Measuring CO2 and greenhouse gases

Our planet is a huge ball surrounded by a wafer-thin layer of air. You could compare it with a balloon covered with a single layer of paper-mâché. A minute part of this layer is made up of CO2 molecules. But, after water vapour, this gas is the most important greenhouse gas, ensuring that the earth maintains an inhabitable temperature. But will it remain inhabitable, now that we’re producing so much CO2?

During the last couple of years, the CO2 content of the atmosphere has been talked of in the press on an almost daily basis. Join SchoolCO2-Net and measure the CO2 in the atmosphere yourself. ©Richard Griffin.
During the last couple of years, the CO2 content of the atmosphere has been talked of in the press on an almost daily basis. Join SchoolCO2-Net and measure the CO2 in the atmosphere yourself. ©Richard Griffin.

More and more scientific research is pointing to the increase in CO2 as a contributor to global warming. However, exactly how much warmer it is getting, and whether this increase in temperature is the same everywhere, remains unclear. There is even a small chance that the climate in Western Europe will become cooler. At present the warm Gulf Stream that originates in Mexico and passes the Western European coast has an important influence on our climate. But this warm stream could actually veer away from us thanks to global warming. Brrr!

How can you predict how fast glaciers and ice caps will melt? And how do you find out if CO2 is the cause? ©TTphoto.
How can you predict how fast glaciers and ice caps will melt? And how do you find out if CO2 is the cause? ©TTphoto.

How fast the atmosphere warms up is dependent on a number of other factors alongside CO2. This makes it difficult to foresee how the temperature will develop. But this does not prevent scientists from trying to predict how the temperature will change in the future. To this end they design complex climate models that simulate the actual situation as accurately as possible. In short, they try to determine which factors influence the air temperature, then try to calculate what effect a change in one of these factors will have on the climate, and finally attempt to capture all this in a mathematical model. The more accurate the model, the more reliable the prediction.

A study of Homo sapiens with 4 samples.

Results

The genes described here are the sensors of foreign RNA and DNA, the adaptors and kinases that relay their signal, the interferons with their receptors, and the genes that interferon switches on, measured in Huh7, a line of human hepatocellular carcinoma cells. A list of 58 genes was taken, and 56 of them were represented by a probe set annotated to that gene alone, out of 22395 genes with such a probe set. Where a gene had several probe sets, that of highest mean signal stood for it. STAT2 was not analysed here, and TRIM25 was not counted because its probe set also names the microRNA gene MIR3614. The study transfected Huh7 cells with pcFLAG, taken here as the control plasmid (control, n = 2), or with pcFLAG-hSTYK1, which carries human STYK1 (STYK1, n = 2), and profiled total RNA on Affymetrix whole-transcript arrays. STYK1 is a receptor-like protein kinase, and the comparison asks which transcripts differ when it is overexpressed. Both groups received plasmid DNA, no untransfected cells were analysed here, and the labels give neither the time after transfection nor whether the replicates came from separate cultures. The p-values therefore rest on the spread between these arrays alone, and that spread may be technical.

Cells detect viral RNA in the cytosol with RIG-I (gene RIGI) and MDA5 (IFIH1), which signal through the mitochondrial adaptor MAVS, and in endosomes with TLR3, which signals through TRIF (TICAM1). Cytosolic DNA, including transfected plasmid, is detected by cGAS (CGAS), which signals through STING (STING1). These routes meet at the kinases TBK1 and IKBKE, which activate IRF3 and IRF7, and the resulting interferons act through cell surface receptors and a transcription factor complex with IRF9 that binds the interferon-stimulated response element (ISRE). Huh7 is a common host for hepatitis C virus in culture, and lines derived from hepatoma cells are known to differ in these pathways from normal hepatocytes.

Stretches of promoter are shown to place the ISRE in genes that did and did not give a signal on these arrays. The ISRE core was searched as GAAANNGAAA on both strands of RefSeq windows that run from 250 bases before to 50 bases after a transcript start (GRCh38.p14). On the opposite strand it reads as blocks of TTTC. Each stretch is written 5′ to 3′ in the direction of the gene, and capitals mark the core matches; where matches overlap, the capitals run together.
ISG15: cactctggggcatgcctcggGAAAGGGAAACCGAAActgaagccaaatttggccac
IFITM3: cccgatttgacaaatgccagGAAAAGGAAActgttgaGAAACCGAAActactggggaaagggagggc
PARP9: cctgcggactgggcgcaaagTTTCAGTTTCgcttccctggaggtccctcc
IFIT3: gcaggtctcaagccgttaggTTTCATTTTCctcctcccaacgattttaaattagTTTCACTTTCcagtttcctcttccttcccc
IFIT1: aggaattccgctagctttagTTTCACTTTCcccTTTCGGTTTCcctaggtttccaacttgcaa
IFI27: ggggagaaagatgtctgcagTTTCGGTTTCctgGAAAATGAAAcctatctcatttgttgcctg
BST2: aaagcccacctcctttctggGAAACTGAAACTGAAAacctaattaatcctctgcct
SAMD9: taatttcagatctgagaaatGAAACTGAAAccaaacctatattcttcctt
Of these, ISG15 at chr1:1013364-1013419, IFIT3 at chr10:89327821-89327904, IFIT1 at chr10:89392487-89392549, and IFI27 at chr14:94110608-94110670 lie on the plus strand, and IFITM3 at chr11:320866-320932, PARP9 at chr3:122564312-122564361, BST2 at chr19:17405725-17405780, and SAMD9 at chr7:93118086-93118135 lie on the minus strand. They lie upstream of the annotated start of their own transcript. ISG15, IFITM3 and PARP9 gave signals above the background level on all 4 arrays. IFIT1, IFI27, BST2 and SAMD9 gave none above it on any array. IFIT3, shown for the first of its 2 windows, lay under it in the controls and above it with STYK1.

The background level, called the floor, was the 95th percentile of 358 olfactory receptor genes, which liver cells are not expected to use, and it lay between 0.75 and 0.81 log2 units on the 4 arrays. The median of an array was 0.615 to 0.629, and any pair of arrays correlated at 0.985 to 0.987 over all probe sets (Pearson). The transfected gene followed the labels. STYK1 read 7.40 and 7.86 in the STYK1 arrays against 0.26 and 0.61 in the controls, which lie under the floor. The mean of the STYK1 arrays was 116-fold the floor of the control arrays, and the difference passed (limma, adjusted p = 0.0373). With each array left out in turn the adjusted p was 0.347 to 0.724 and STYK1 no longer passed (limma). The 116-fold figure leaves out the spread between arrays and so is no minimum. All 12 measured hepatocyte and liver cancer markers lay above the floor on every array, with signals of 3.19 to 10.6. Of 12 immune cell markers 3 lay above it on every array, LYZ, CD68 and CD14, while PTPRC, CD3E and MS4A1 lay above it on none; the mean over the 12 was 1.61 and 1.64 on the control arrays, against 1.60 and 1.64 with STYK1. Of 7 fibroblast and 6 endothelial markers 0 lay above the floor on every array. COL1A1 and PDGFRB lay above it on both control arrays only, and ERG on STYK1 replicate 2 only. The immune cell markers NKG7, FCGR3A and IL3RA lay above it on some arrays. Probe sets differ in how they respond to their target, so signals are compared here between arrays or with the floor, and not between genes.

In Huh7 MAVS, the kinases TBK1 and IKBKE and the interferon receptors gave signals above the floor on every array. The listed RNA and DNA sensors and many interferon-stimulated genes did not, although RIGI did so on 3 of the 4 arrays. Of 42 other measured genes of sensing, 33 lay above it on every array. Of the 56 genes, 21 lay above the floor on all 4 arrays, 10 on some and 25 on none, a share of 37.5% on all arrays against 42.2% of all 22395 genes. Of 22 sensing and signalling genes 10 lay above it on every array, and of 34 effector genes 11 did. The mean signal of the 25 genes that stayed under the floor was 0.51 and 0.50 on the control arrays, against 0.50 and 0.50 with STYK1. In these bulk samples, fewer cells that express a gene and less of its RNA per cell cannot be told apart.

Predict the future with tarot cards? No thanks! Scientists study which factors influence our climate using mathematical climate models. ©Zeyna.
Predict the future with tarot cards? No thanks! Scientists study which factors influence our climate using mathematical climate models. ©Zeyna.

As the amount of CO2 in the atmosphere is such an important factor in the climate models, a worldwide network of CO2 monitoring stations has been created. The Centre for Isotope Research (CIO) of the University of Groningen is proud to run one of these monitoring stations, a 60m high mast near the Wadden Sea dike at Hornhuizen.

To reduce the influence of CO2 fluctuations, the University of Groningen measures the CO2 concentration in the air at 60m high near the Wadden Sea dike at Hornhuizen. ©Science LinX.
To reduce the influence of CO2 fluctuations, the University of Groningen measures the CO2 concentration in the air at 60m high near the Wadden Sea dike at Hornhuizen. ©Science LinX.

According to Harro Meijer of the Centre for Isotope Research, measuring CO2 is an art in itself. ‘The nearer you get to the earth, the more the CO2 concentration fluctuates.’ This is because the gas accumulates near the ground during the night, while during the day it is mixed with the higher-lying layers of air under the influence of sunlight. Moreover, the concentration of CO2 is higher in the winter than in the summer. These strong fluctuations make it difficult to determine the average CO2 concentration. ‘To reduce the influence of these fluctuations we measure at 60m high at a location on the coast,’ explains Meijer. ‘This reduces the influence of CO2 released from the soil and localized CO2 increases due to the burning of fossil fuels.’

Graph of the CO2 concentration in the air during one year. The box has zoomed in on a few days. ©Science LinX.
Graph of the CO2 concentration in the air during one year. The box has zoomed in on a few days. ©Science LinX.

However, just one monitoring station is not good enough for Professor Meijer. So a few years ago he started SchoolCO2-Net, a network of schools with a CO2 meter and a weather station on the roof. The data are sent to an internet database. ‘We opted for a CO2 meter that is so accurate that the data is suitable for climate models as well as school projects. That will prove even more useful now we are expanding into the rest of Europe.’

So with SchoolCO2-Net, the Faculty is bringing science to schools!

Science on your school’s roof: the data collected by the CO2 meters are also used for climate models. ©SchoolCO2-Net.
Science on your school’s roof: the data collected by the CO2 meters are also used for climate models. ©SchoolCO2-Net.

Links

Acknowledgements

Special thanks to: Menno Keij MSc., Prof. Martin Goedhart and the Institute for Didactics and Curriculum Development (IDO). Please contact Science LinX if you should have been included in the acknowledgements.

Author

Menno Keij

Last modified:19 February 2018 2.40 p.m.